Thanks to my last post on Wotruba Church, a fellow Instagrammer made me aware of another Brutalist gem in Vienna. I took a stroll to see it yesterday and realised I have passed it a couple of times. Council Memorial Church (Konzilsgedächtniskirche) can be found in the 13th district of Vienna and is a low concrete block without a spire. It does not announce itself as a church as such and could easily be mistaken as a wall, were it not for the small doorways gouged out of each of its four corners.

Completed in 1968, eight years before the more celebrated Wotruba Church, the interior is a sanctuary of shifting light and a simple palette of exposed concrete, white steel, wood and amber/mustard carpeting. The windowless but voluminous interior is flooded with natural light from the overhead skylights in the gridded framework of the ceiling.

Every detail and furnishing is bespoke and congruent with the overall geometric design. Passing through one of the narrow doorways, the interior opens up breathtakingly into what feels more like a courtyard than an interior space, a feeling that is emphasised by the cloister that wraps around the upper level.

Throughout, there are repeating square patterns setting up meditative rhythms; one counts the dark void of each cloister opening as if they were rosary beads, and the eye is led by the rows of of folded steel seating to the trompe d’loeil cube form of the confession booths.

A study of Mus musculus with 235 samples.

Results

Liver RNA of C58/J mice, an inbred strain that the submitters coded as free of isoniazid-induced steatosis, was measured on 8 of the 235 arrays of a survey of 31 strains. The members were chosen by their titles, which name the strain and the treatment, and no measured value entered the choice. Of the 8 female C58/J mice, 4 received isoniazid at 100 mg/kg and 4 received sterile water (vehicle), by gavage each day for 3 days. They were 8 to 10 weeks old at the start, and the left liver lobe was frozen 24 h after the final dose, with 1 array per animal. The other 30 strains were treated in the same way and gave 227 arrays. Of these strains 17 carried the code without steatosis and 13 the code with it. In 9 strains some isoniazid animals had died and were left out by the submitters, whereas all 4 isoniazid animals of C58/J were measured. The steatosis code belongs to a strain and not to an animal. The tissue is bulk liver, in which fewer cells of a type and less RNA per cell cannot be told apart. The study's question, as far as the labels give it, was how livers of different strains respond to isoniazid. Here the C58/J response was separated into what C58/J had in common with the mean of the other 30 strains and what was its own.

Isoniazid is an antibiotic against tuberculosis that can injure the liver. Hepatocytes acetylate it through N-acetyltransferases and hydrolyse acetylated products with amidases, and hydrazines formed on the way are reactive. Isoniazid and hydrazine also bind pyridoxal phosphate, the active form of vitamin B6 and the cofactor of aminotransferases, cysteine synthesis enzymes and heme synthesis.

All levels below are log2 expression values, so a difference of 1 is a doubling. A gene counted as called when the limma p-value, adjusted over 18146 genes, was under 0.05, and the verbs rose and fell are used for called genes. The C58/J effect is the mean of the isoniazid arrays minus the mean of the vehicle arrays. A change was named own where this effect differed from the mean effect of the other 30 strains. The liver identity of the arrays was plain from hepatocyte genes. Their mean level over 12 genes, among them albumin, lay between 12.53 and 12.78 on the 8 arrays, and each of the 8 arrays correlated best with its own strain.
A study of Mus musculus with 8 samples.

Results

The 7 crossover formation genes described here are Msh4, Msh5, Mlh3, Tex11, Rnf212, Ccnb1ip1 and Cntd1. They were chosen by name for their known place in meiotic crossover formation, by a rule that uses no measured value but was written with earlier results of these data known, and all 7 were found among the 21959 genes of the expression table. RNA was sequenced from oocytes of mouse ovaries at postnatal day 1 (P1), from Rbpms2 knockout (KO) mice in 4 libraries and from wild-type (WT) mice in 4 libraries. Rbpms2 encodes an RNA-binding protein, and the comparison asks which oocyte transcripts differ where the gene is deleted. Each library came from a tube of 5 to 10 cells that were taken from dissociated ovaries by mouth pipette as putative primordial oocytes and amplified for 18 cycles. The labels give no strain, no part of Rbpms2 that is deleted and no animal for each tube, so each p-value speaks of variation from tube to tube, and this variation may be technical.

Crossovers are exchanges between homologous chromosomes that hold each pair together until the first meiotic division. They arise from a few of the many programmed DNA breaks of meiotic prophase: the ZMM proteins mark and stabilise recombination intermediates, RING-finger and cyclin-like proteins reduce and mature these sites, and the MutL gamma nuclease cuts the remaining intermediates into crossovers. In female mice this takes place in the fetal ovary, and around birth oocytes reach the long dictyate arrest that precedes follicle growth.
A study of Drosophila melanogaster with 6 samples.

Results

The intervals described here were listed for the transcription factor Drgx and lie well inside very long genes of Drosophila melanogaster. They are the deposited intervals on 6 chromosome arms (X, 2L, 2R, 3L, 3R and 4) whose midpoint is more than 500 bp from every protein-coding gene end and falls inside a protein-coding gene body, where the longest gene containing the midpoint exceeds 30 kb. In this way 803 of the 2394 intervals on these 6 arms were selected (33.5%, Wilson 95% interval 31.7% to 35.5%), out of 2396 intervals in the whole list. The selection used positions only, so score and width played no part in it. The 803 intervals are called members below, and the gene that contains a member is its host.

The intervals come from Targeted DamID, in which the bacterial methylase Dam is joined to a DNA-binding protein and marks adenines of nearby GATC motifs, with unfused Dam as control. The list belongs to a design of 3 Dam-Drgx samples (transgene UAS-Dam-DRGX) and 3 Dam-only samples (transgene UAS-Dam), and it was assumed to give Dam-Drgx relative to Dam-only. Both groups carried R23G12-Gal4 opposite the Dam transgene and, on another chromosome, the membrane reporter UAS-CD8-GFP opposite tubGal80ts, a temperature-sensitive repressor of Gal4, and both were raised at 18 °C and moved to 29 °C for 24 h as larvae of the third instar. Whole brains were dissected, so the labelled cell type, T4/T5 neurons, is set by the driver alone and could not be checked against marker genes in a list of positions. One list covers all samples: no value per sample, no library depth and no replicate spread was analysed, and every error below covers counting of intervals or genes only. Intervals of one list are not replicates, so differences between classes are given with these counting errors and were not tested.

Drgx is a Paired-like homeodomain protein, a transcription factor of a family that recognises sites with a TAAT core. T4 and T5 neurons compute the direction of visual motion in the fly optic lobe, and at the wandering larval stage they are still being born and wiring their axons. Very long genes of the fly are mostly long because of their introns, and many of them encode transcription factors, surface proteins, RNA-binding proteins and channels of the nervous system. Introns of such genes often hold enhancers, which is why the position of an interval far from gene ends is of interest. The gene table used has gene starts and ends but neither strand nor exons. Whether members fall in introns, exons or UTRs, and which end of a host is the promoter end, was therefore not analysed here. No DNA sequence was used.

Today would have been architect Josef Lackner’s 86th birthday. He studied in the Academy of Fine Arts in Vienna and is responsible for many striking and innovative buildings throughout Austria and Germany.

Konzilsgedächtniskirche was itself lovingly and sympathetically restored for its 50th birthday last year.

It is not difficult to lose track of time in this calm and cocooning church that skilfully avoids feeling like an industrial building, despite the overt use of materials normally associated with a more utilitarian architecture. The fact that every detail, from hand-rail to plug-socket, remains the same as the architect designed or specified, helps maintain the sense of timelessness, so that the four bunker-like walls stand firm against the tides of change in the outside world.